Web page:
The New Year has come and gone and we are done with the first quarter of 2013, and yet we are still without SEC rules to implement crowdfunding as authorized by the JOBS Act. While some commenters on the SEC JOBS Act comment section have resorted to unproductive heckling of the SEC to get a move on, the rest of us understand what is at stake for crowdfunding and the need to get the rules right.
On April 8, 2013, CrowdCheck hosted our Second Annual Crowdfunding Conference. The conference title was "Fraud and Red Tape: Risks to the Potential of Securities Crowdfunding". We spent some time working on the title in order to highlight that there are two competing risks to the future of securities crowdfunding in the United States—extensive fraud and regulatory red tape. The SEC has to find the right balance between these concerns, which is not easy to do.
Securities fraud is a very real concern. As we have said before, securities fraud is not just for the sinister scammers. Overly optimistic statements that don’t adequately explain the underlying assumptions could bring on the wrath of regulators and investors who believe they were misled by a company's offering materials. If too many securities issuers make misleading or inaccurate statements, investors will simply stay away because they will not be able to make informed investment decisions. And if there are no investors, there is no crowdfunding.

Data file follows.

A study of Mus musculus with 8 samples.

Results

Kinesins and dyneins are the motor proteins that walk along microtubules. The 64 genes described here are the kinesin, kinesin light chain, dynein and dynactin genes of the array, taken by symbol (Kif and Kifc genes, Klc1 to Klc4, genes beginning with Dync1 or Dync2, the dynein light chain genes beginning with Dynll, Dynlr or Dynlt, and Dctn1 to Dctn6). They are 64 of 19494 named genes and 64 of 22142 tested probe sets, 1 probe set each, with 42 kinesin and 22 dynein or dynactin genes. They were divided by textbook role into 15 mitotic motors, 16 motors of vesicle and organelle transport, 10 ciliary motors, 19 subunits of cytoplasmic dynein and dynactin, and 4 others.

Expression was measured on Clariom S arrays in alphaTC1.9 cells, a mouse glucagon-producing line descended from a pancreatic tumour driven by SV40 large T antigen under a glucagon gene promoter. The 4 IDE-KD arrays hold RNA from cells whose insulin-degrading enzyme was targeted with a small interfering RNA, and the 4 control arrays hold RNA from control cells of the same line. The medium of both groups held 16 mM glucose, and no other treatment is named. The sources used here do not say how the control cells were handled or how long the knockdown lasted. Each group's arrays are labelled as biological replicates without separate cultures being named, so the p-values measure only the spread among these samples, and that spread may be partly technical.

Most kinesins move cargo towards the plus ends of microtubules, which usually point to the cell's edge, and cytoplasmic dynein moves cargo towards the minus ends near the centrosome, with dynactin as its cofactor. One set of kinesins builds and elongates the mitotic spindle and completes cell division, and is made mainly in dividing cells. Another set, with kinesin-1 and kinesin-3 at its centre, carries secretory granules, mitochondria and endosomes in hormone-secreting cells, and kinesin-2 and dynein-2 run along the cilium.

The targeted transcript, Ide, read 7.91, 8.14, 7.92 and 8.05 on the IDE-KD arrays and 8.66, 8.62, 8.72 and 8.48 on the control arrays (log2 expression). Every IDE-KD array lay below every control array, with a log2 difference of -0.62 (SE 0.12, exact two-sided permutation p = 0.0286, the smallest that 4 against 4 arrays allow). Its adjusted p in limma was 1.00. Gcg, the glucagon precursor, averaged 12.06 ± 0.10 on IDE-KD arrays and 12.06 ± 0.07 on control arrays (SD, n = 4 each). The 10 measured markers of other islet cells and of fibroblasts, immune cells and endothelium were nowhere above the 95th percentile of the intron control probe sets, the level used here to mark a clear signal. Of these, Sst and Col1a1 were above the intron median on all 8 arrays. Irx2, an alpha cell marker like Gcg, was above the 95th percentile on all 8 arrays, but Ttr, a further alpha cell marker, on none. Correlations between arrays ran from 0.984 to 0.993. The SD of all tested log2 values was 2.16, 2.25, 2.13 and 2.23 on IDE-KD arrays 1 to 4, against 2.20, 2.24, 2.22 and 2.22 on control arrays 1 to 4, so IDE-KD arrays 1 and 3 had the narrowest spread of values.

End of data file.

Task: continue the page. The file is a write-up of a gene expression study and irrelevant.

The other side of the coin is that the SEC cannot require that the crowdfunding disclosure process look like a full-scale IPO. Too much cost and effort will cause companies to stay away from the crowdfunding to begin with. Just as with investors, if there are no companies, there is no crowdfunding.
Along with the challenge of finding the right way to balance investor protection and entrepreneurs’ access to capital, the SEC must establish the rules that integrate crowdfunding with other established means of offering securities under US law (such as placements to accredited investors). Again, this is not an easy exercise, especially because the JOBS Act was unclear about how this should occur.
We believe that investment crowdfunding has the potential to become an integral form of financing for early-stage companies and small businesses. We also believe there is a great deal at stake for the SEC in putting together the rules of the road; if the rules are too loose or too strict, investment crowdfunding may not achieve its potential.
Take a look at the tapes of our conference to see whether you think we exposed all the issues.